FORWARD OPERATING BASE RIPLEY, Afghanistan -- At Forward Operating Base Ripley, Afghanistan on May 31, nearly all heads were turned skyward as a sleek, rarely seen aircraft cut through the clear skies overhead.
For nearly 15 minutes, the Air Force B-1B Lancer long-range bomber cut several lazy circles over the 22nd Marine Expeditionary Unit (Special Operations Capable)'s base in Afghanistan's Oruzgan province as an American show-of-force in a region that to date has seen little U.S. presence.
Most of the Marines who saw the Reagan-era aircraft immediately put the idea out of the mind, at least for a few days.
However, on the second day of intense fighting against anti-coalition militia (ACM), the memory of this aircraft came in loud and clear for the Marines of Charlie Co., Battalion Landing Team 1st Bn., 6th Marines. After a firefight that left three Marines wounded and at least five enemy fighters dead, the company began pursuing the remaining ACM forces up the steep mountains and called for air support.
Instead of another run by Marine attack jets and helicopters, or even Army helicopter gunships, the voice on the other end of the radio reported that a B-1B was in the area and ready to assist in the battle.
To this point, AV-8B Harrier II attack jets and Air Force A-10 Thunderbolt II ground attack aircraft had been the aerial heavy-hitters of the fight, but were both overshadowed by the appearance of the Air Force bomber.
Introduced into the U.S. inventory in the early 1980s, the B-1's early life was used exclusively in the nuclear deterrent role. In the post-Cold War world, the Lancer was converted to an exclusive conventional use and with its impressive payload capacity, is an ideal for long-range strategic and tactical bombing.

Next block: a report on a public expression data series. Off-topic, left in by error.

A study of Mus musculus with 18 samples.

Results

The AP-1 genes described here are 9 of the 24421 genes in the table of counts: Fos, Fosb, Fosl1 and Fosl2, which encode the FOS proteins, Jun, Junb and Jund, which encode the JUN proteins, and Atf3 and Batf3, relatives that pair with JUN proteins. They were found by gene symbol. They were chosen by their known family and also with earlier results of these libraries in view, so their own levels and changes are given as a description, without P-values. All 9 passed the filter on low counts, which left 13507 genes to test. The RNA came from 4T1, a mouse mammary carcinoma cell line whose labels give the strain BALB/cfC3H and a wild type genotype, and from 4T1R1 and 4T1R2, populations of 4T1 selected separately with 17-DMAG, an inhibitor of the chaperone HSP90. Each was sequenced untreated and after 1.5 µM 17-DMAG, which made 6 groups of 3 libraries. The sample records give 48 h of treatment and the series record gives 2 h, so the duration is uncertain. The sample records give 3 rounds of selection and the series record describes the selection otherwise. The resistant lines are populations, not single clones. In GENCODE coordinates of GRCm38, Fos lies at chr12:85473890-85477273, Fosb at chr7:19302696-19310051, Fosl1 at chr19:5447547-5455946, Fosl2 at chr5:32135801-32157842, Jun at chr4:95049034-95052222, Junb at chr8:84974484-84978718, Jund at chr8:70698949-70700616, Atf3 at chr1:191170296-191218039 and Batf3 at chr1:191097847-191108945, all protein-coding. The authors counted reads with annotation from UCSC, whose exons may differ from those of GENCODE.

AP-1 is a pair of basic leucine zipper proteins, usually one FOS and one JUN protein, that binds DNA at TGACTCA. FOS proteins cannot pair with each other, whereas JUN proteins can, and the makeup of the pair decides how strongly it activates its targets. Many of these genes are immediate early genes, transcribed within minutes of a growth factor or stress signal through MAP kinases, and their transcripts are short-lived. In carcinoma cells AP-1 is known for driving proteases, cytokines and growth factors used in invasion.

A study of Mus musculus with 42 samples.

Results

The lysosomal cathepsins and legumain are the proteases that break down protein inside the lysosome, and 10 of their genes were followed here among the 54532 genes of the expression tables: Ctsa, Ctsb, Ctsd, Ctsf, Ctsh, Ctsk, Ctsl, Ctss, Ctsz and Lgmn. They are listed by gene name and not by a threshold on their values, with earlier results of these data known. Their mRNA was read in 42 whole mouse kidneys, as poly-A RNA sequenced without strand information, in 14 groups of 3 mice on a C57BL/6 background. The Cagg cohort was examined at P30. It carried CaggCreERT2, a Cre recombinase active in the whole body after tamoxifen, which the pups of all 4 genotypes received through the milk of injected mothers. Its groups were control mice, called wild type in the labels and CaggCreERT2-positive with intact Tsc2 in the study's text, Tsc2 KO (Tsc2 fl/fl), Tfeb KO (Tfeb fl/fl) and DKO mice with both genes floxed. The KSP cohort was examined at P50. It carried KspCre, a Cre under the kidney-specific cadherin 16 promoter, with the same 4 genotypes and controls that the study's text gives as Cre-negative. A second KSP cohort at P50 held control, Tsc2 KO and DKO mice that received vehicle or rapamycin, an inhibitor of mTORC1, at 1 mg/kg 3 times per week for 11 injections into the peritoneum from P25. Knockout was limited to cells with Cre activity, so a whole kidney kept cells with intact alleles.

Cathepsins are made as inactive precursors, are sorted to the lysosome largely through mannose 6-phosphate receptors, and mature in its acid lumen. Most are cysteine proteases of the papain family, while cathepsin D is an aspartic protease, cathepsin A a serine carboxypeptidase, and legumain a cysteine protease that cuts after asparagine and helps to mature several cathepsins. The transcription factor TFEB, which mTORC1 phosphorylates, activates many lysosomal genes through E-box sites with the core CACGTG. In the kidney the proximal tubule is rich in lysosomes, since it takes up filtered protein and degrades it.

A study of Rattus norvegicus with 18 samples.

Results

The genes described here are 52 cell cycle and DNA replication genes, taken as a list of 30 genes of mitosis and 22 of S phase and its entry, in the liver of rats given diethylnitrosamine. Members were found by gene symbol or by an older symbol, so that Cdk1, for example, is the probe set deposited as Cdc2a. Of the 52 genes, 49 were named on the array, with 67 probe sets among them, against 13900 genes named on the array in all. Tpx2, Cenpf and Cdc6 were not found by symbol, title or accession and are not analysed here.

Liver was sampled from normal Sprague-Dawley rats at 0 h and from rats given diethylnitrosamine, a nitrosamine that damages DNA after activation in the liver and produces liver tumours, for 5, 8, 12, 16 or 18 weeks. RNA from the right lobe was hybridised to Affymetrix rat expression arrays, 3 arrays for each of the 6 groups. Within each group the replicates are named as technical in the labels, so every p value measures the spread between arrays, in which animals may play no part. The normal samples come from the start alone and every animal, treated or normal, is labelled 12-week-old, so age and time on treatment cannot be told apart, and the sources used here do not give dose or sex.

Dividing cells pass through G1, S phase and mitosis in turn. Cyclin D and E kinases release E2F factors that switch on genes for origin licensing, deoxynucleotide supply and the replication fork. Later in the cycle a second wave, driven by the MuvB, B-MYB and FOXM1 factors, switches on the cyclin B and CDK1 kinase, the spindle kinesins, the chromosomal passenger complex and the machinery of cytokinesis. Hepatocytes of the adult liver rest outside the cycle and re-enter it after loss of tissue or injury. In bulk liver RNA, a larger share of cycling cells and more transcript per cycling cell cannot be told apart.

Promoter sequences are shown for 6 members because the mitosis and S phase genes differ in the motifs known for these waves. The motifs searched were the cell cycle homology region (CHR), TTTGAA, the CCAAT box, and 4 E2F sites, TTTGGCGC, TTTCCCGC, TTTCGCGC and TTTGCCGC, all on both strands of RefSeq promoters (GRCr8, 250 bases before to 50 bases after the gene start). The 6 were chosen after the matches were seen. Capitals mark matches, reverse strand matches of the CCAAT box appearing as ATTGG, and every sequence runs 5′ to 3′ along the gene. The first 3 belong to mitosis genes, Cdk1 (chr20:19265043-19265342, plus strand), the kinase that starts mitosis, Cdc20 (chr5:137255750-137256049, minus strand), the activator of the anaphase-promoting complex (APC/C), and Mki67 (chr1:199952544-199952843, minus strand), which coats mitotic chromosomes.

Flying high out of sight and in the space of only a few minutes, the Lancer dropped two 2,000-pound laser-guided bombs on the mountaintop where the Taliban fighters had fled. The thunderous explosion shook the valley and ridges, and created a huge gray and black cloud that mushroomed and dominated the skyline.
Marines as far as four kilometers away, who were escorting wounded comrades and battlefield detainees to a mobile command post, were caught unaware by the first bomb's detonation.
Sgt. Ryan West, of Lafayette, Indiana, is a squad leader in Charlie Co.'s second platoon, and spun around when the bomb exploded.
"I feel sorry for those guys caught up there," he muttered, referring to the anti-coalition militia targeted by the B-1B.
Since that day, additional B-1B sorties have been dedicated to the MEU's continuing hunt for enemy fighters in south-central Afghanistan.
In addition to BLT 1/6, the 22nd MEU (SOC) consists of its Command Element, Battalion Landing Team 1st Bn., 6th Marines, and MEU Service Support Group 22. The MEU is in Afghanistan conducting combat and civil military operations as Task Force Linebacker.
For more information on the 22nd MEU (SOC)'s role in Operation ENDURING FREEDOM, visit the unit's web site at www.22meu.usmc.mil.